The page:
Fans lose out over ticket fiasco
April 30, 2014
Saracens played their Heineken Cup semi-final in front of a small crowd by Twickenham's standards © Getty Images
The last week has not shown up the decision making abilities of some of those running rugby in the best light. On Saturday what should have been an intense Heineken Cup semi-final was played out in front of a two-thirds empty stadium. Now we learn that European Rugby Cup Ltd, the organisers of the Amlin Challenge Cup, have organised the final of that tournament at a venue small enough to ensure it will sell out, only that few of those present will be regular supporters of Bath or Northampton, the clubs involved.
In fairness, the problem facing organisers is that, unlike football, rugby's core support is relatively small. However, as club matches at Twickenham and Wembley have shown, marketed well there is a large casual following that rugby appeals to. What is lacking is a readily available ground with a capacity in the 25,000-40,000 range in that area.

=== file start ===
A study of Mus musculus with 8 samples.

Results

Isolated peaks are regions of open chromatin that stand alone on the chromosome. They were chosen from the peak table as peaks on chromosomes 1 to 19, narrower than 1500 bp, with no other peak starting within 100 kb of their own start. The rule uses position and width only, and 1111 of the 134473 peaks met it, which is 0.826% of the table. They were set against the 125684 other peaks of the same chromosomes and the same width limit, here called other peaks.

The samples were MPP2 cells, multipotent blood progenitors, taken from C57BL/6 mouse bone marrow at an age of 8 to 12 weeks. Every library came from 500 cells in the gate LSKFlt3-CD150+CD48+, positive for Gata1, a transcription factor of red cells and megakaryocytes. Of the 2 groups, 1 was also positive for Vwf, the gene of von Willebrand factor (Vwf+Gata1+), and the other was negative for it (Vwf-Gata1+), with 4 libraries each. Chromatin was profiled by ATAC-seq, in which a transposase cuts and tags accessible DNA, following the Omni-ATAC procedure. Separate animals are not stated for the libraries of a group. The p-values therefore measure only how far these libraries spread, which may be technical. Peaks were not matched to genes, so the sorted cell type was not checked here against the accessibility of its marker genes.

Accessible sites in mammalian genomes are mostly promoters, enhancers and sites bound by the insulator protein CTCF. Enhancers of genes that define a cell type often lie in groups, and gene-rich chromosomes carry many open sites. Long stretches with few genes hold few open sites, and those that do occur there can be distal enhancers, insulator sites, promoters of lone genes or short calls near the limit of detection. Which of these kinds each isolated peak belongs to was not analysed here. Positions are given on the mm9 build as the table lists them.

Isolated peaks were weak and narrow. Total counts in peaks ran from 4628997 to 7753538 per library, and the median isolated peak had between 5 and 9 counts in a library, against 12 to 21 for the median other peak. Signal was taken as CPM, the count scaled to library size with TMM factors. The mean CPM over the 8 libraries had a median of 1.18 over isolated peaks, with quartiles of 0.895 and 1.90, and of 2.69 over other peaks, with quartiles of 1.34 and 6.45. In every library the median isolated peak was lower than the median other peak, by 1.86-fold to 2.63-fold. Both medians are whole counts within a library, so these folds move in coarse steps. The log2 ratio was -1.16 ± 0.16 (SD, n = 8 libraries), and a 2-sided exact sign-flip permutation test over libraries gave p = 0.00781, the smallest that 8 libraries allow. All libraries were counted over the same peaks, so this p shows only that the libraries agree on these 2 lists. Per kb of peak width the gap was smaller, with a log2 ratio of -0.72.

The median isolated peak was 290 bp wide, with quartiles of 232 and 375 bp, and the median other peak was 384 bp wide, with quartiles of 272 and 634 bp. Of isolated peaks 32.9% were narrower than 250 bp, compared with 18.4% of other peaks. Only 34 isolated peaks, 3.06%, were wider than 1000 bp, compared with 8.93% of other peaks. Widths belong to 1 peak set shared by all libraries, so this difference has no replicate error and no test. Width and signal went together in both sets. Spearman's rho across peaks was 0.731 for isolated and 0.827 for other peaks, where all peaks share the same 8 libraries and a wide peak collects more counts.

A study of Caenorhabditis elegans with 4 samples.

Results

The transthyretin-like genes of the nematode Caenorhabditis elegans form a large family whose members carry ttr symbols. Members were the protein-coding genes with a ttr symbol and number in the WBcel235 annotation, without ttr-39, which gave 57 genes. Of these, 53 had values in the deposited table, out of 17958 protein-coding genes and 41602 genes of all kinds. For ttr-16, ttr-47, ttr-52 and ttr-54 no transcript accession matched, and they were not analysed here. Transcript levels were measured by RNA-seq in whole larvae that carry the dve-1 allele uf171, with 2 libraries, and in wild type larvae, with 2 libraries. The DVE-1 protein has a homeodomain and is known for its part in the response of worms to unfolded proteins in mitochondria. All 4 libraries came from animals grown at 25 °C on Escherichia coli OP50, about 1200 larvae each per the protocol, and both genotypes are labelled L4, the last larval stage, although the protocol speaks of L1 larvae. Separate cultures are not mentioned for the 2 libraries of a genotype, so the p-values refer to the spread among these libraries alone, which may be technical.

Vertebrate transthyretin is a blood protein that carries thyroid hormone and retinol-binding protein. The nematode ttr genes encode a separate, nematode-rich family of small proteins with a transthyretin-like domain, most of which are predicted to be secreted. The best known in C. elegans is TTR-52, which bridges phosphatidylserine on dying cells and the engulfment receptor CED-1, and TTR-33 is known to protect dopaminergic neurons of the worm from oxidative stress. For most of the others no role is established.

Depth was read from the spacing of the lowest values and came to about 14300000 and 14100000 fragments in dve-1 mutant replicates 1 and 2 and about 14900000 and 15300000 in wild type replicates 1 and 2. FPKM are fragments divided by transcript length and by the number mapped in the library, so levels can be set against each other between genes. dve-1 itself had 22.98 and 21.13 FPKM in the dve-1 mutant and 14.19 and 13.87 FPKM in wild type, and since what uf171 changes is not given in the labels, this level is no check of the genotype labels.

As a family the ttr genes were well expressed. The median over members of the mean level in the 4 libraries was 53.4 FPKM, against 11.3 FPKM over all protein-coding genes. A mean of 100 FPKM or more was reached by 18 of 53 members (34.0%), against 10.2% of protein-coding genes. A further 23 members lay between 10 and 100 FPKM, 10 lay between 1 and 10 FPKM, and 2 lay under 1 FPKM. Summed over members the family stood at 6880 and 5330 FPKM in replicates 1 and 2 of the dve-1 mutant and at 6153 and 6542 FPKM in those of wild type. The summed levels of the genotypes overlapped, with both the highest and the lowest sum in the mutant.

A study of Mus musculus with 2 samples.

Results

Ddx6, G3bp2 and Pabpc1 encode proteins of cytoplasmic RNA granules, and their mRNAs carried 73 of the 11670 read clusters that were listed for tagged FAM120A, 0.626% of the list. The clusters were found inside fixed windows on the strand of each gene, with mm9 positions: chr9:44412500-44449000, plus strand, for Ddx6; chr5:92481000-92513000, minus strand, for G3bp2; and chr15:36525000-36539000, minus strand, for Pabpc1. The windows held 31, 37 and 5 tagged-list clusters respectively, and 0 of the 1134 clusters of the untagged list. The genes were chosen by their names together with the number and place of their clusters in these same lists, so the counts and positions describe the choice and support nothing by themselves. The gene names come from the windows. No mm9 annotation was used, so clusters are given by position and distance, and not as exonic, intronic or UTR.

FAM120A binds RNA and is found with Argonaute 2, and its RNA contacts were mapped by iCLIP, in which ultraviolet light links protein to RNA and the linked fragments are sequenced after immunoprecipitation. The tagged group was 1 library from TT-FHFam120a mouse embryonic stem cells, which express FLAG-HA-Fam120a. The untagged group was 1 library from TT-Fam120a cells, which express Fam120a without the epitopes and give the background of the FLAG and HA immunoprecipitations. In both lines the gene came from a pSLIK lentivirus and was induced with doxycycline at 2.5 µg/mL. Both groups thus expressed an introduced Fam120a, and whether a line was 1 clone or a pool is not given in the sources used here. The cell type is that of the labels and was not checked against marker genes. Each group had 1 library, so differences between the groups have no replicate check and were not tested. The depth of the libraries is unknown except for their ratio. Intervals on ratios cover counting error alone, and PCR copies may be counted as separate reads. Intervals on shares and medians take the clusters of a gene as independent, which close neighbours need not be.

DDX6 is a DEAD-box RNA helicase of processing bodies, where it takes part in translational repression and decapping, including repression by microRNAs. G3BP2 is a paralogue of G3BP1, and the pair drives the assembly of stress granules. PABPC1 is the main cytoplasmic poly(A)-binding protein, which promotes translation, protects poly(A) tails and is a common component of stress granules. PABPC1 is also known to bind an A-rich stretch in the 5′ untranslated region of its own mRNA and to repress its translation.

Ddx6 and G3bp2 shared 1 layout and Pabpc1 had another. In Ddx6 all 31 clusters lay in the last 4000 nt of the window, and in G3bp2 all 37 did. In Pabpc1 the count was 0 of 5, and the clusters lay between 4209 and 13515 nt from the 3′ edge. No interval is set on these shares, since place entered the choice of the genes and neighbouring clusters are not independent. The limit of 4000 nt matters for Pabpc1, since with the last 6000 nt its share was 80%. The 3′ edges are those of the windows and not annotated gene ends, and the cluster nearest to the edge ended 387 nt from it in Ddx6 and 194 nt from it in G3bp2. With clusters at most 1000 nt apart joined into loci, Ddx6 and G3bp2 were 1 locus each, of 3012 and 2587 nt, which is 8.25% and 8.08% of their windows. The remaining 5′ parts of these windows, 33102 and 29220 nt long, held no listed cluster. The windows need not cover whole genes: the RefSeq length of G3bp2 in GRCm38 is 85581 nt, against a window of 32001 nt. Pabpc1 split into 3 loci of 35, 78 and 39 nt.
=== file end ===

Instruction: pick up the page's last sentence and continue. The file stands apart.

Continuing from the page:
Having said that, it was obvious Twickenham would not come close to selling out last weekend. That did not stop the RFU putting money before common sense and insisting the game be played there, nor ERC meekly agreeing to it. The resulting banks of empty seats left those at the ground a little flat and those at home wondering if this was one of the showcase club matches of the year.
Turning to the Amlin Cup, the organisers seem to have buried their heads in the sand and not bothered to have a back-up option. To play the match at Twickenham or the Millennium Stadium would have been daft. To schedule it for the 12,000-capacity Cardiff Arms Park is just as silly. Common sense would have suggested Cardiff City Stadium or some such venue, with a 25,000+ capacity, would be ideal and likely to come close to selling out.
But common sense and administrators too often do not go hand in hand.
When the distortion of the occasional big-venue one-offs are discounted, attendances at club rugby have declined in the last five years. Those at the top of the game should be doing all they can to try to keep loyal fans interested and to lure in - or back - those less committed.
Instead, Bath and Northampton will be allocated only 1000 tickets each for the Amlin Cup final, ensuring that most of those who follow those clubs regularly will miss out or have to resort to paying over the odds to an online profiteer.